1911 : First Flight Over Grand Rapids, Michigan

When:
September 12, 2021 all-day
2021-09-12T00:00:00-04:00
2021-09-13T00:00:00-04:00

Picture of J. Clifford Turpin (on the left) and Thomas Dewitt Milling

On September 12, 1911 J. Clifford Turpin of the Wright Brothers’ Exhibition Team performed the first airplane flight over Grand Rapids, starting at the West Michigan State Fair at Comstock Park. The new Model B aircraft featured two seats, one for the pilot and one for a passenger. The prop faced backwards! The plane was only 26 feet long with a wingspan of 39 feet and featured wheels instead of skids.

J. Clifford Turpin, taught to fly by Orville Wright, was the first Purdue University graduate (class of 1908) to become an aviator. Turpin set an altitude record of 9,400 feet in 1911, establishing a Purdue alumni tradition that was continued 55 years later, when an X-2 aircraft flown by Captain Iven C. Kincheloe (BSAE 1949) set an altitude record of 126,000 feet in 1956. That record was subsequently surpassed by alumni Neil A. Armstrong (BSAE 1955) and Eugene A. Cernan (BSEE 1956) during their flights to the moon.

After the Wright Brothers’ Exhibition Team was disbanded in 1911, Turpin and his flying partner Phil Parmalee rented Wright Model Cs (with a stronger motor and a propeller facing forward) for their own exhibitions, which normally featurede spins and rolls, and then Parmalee would carry one of their flight team a few thousand feet into the air, where the man would then do a parachute jump. Turpin and Parmalee would then have a five-mile airplane race, and the show would end with Parmalee taking his biplane as high as it could go, and then descending in a “dip of death” dive.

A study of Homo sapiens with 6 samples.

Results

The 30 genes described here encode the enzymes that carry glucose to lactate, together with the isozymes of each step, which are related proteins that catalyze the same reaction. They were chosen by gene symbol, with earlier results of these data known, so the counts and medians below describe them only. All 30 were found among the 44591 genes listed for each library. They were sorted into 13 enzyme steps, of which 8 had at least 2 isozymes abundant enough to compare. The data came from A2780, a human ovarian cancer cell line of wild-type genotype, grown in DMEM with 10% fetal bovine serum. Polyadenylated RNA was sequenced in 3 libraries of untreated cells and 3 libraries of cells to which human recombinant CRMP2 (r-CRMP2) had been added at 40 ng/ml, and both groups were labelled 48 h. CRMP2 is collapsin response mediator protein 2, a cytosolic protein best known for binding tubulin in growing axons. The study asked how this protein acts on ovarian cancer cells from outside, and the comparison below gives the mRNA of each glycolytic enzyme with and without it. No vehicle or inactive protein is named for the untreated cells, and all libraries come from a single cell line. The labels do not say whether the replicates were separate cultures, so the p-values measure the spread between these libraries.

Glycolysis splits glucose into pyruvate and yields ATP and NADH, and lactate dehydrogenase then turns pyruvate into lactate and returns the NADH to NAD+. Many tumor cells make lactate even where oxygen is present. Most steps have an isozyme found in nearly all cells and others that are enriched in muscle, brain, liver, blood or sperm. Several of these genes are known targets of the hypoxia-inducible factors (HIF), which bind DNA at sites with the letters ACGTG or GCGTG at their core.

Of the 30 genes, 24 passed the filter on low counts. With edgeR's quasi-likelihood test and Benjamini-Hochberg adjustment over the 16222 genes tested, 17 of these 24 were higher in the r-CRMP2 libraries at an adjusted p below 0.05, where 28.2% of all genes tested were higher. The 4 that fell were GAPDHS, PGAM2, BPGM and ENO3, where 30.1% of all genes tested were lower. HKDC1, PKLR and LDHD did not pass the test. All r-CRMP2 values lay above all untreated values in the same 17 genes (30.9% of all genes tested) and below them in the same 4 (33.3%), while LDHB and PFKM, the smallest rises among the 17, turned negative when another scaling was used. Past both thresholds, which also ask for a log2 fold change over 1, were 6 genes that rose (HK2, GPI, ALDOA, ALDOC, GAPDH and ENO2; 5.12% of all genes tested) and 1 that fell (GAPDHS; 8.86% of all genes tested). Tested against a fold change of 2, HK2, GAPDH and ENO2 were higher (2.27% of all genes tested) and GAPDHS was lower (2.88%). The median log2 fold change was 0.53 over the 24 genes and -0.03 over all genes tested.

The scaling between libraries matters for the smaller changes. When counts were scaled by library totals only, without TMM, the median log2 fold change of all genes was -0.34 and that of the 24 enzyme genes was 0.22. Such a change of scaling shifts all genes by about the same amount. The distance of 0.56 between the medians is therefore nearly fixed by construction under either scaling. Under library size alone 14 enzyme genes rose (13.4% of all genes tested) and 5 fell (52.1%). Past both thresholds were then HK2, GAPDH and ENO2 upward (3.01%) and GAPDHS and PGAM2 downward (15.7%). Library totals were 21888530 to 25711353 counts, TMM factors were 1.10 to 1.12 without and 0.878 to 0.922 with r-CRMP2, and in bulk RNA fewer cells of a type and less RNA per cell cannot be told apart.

While conducting such as exhibition in a Seattle stadium, Turpin clipped a pylon avoiding a cameraman, and veered into a grandstand, killing several spectators and injuring many others. Turpin was pulled from the wreckage of his plane, alive but with his face badly crushed. The crowd helped move the injured into automobiles for quick transport to the county hospital in Georgetown. Since many remained after the accident, the management asked Parmalee to go up and continue the show!

That evening, Clifford Turpin spoke to reporters from his hospital bed, and described the accident from his perspective. He only caught a glimpse of the photographer who ran out in front of his plane and caused the accident. When Turpin was told that spectators had been killed, he replied sadly, “The only thing I wish is that I had been killed myself” (Seattle Post-Intelligencer, May 31, 1912).

While Turpin recovered in the hospital, Parmalee traveled to Yakima to participate in another air show. During the exhibition on June 1, a gust of wind caused Parmalee’s plane to crash, killing him instantly. Upon hearing the news of his partner’s death, Turpin vowed to never fly again. As a result, unlike many early pilots, Clifford Turpin lived to the ripe old age of 79.

Note: Turpin is sitting on the left in the pilot’s seat of the Wright Model B in the featured photograph.

Sources :

Gordon G. Beld, The Early Days of Aviation in Grand Rapids. Charleston, S.C. : History Press, 2012.

History of the Purdue School of Aeronautics and Astronautics

Alan J. Stein, Washington’s first airplane fatality occurs at the Meadows, HistoryLink, February 3, 2013.